By Lindsay Boyers ; Updated August 14, 2017

Potassium belongs to a class of nutrients called minerals, but it is also classified as an electrolyte. Potassium helps control muscle contraction and relaxation and thus plays a vital role in the proper functioning of your heart. Potassium balance is directly related to the amount of sodium and magnesium in your blood. Medications that interfere with this balance can lower potassium levels.

Diuretics

Diuretics are a class of drugs that are commonly used to treat high blood pressure. Diuretics work by stimulating your body to release excess amounts of water and sodium. When water and sodium levels decrease, your blood volume decreases as well, which can lower your blood pressure. When your body eliminates water, however, potassium is also lost. The use of diuretics can lead to significantly low levels of potassium in your bloodstream, a condition referred to as hypokalemia. A class of diuretics called potassium-sparing diuretics is available, which can help improve blood pressure without the loss of potassium. MayoClinic.com notes that these types of diuretics have the potential to cause high potassium levels, however.

Corticosteroids

Corticosteroids are anti-inflammatory drugs that are used to treat autoimmune diseases and inflammatory diseases such as arthritis, tendonitis, asthma and Crohn’s disease. Corticosteroids mimic the action of the hormone cortisol, which is naturally produced by your adrenal glands. Oral corticosteroids can increase the loss of potassium through your urine. UMASS Memorial Health Care notes that the potassium decrease is minor in most people, but some people experience significant decreases in potassium levels that may cause negative health effects such as an abnormal heart beat and muscle cramps.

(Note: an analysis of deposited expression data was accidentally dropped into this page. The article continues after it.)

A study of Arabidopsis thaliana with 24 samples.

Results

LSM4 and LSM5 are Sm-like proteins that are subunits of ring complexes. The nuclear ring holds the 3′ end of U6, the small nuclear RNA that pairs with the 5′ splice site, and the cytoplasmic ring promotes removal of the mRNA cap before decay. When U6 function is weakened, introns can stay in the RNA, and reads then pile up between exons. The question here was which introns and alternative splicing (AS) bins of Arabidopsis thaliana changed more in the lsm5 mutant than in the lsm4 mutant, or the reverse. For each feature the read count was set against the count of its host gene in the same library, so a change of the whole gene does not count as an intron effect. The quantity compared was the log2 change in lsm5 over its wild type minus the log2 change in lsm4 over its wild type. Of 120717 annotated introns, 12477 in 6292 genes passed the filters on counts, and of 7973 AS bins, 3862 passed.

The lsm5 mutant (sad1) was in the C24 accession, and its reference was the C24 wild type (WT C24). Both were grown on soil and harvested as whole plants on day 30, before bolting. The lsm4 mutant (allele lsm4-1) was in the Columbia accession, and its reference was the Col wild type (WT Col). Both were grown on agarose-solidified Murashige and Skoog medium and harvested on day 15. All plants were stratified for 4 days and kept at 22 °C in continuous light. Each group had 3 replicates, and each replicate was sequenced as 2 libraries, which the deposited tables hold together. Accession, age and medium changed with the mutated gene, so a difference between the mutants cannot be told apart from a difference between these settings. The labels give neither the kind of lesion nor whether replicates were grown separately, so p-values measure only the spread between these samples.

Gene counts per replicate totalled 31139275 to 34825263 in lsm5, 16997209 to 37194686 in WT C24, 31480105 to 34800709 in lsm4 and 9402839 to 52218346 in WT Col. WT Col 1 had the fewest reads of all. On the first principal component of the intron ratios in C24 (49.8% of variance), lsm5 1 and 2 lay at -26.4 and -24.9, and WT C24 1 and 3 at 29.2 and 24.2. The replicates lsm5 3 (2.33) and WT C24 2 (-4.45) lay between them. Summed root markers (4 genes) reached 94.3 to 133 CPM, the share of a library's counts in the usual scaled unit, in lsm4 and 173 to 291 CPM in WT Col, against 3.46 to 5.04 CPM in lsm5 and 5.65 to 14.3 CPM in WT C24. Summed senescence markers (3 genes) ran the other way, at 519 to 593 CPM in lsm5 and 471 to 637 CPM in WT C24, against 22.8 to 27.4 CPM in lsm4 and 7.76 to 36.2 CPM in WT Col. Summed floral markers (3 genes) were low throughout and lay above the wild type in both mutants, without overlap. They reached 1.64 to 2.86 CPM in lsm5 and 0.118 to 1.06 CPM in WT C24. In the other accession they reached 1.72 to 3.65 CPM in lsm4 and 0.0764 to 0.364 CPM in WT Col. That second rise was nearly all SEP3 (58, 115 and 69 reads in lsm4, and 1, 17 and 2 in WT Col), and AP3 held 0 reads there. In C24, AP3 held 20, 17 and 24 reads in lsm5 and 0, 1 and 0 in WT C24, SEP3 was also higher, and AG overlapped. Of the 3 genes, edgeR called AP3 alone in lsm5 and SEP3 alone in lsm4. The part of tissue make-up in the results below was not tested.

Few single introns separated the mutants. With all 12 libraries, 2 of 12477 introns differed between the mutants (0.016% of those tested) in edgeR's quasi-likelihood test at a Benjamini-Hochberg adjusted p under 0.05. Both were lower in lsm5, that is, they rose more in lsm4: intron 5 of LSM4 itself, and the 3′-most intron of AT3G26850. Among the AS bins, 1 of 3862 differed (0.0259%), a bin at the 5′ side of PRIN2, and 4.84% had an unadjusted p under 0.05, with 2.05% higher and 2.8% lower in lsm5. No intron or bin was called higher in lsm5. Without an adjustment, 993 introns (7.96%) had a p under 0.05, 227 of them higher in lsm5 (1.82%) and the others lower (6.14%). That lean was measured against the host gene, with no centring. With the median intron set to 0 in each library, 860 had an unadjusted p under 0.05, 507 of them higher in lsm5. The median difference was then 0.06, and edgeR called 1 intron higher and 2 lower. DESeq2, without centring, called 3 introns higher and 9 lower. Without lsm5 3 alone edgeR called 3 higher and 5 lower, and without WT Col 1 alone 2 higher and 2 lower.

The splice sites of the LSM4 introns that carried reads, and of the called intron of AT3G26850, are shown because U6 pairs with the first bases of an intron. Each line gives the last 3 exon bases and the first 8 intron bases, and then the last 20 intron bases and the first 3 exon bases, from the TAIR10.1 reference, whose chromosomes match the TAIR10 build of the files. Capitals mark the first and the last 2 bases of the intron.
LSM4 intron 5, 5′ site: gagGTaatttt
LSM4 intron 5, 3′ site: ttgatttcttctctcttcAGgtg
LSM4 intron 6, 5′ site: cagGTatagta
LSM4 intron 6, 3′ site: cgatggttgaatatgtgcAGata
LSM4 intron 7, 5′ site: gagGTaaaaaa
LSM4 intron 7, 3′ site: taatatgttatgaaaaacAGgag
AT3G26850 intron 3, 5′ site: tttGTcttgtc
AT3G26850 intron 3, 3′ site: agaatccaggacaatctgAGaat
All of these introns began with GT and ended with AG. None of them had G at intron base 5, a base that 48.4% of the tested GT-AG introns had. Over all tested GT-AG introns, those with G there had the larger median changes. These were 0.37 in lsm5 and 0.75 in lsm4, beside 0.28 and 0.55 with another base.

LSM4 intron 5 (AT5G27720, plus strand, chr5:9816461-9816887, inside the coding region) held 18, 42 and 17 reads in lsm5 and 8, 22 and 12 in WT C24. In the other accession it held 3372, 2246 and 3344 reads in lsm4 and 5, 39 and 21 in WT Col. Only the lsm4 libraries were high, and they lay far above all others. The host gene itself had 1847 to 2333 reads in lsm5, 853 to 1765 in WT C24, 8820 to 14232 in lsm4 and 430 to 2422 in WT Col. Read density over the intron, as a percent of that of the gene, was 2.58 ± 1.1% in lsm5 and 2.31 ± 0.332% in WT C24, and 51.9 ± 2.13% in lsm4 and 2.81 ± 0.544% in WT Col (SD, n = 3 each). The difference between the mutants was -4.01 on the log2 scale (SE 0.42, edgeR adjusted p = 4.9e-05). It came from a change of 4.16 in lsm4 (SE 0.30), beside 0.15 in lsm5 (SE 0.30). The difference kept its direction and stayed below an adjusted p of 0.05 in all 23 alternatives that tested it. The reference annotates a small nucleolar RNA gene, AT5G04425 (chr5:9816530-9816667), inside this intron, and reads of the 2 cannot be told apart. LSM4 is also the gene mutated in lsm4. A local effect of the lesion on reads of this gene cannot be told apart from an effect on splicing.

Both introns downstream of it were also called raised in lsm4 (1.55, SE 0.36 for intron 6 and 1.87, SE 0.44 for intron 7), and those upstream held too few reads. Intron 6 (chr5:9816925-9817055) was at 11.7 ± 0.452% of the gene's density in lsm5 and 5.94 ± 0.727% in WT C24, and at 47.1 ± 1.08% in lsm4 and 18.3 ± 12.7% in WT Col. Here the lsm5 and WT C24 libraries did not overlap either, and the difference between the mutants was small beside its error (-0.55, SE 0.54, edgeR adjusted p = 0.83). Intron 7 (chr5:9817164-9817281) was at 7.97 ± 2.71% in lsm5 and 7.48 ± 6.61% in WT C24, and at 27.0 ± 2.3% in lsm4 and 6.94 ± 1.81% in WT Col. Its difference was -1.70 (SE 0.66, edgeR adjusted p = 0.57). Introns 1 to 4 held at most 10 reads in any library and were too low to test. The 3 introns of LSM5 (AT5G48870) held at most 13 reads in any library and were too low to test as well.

Laxatives are used to relieve occasional constipation. Laxatives work by pulling water into the colon and stimulating muscle contractions in the colon to help your stool move through your digestive tract. Although laxatives can help reduce constipation, they are not considered safe for long-term use. The use of laxatives interferes with the proper absorption of many nutrients and electrolytes, including potassium. Many people who use laxatives regularly experience potassium loss through the stool, leading to low levels of potassium in the blood.

Considerations

If you use diuretics, corticosteroids or laxatives, the University of Maryland Medical Center notes that it is important to get regular potassium screenings to determine if you would benefit from the use of a potassium supplement or increased potassium in your diet. You should not begin any potassium supplementation without discussing it with your doctor first.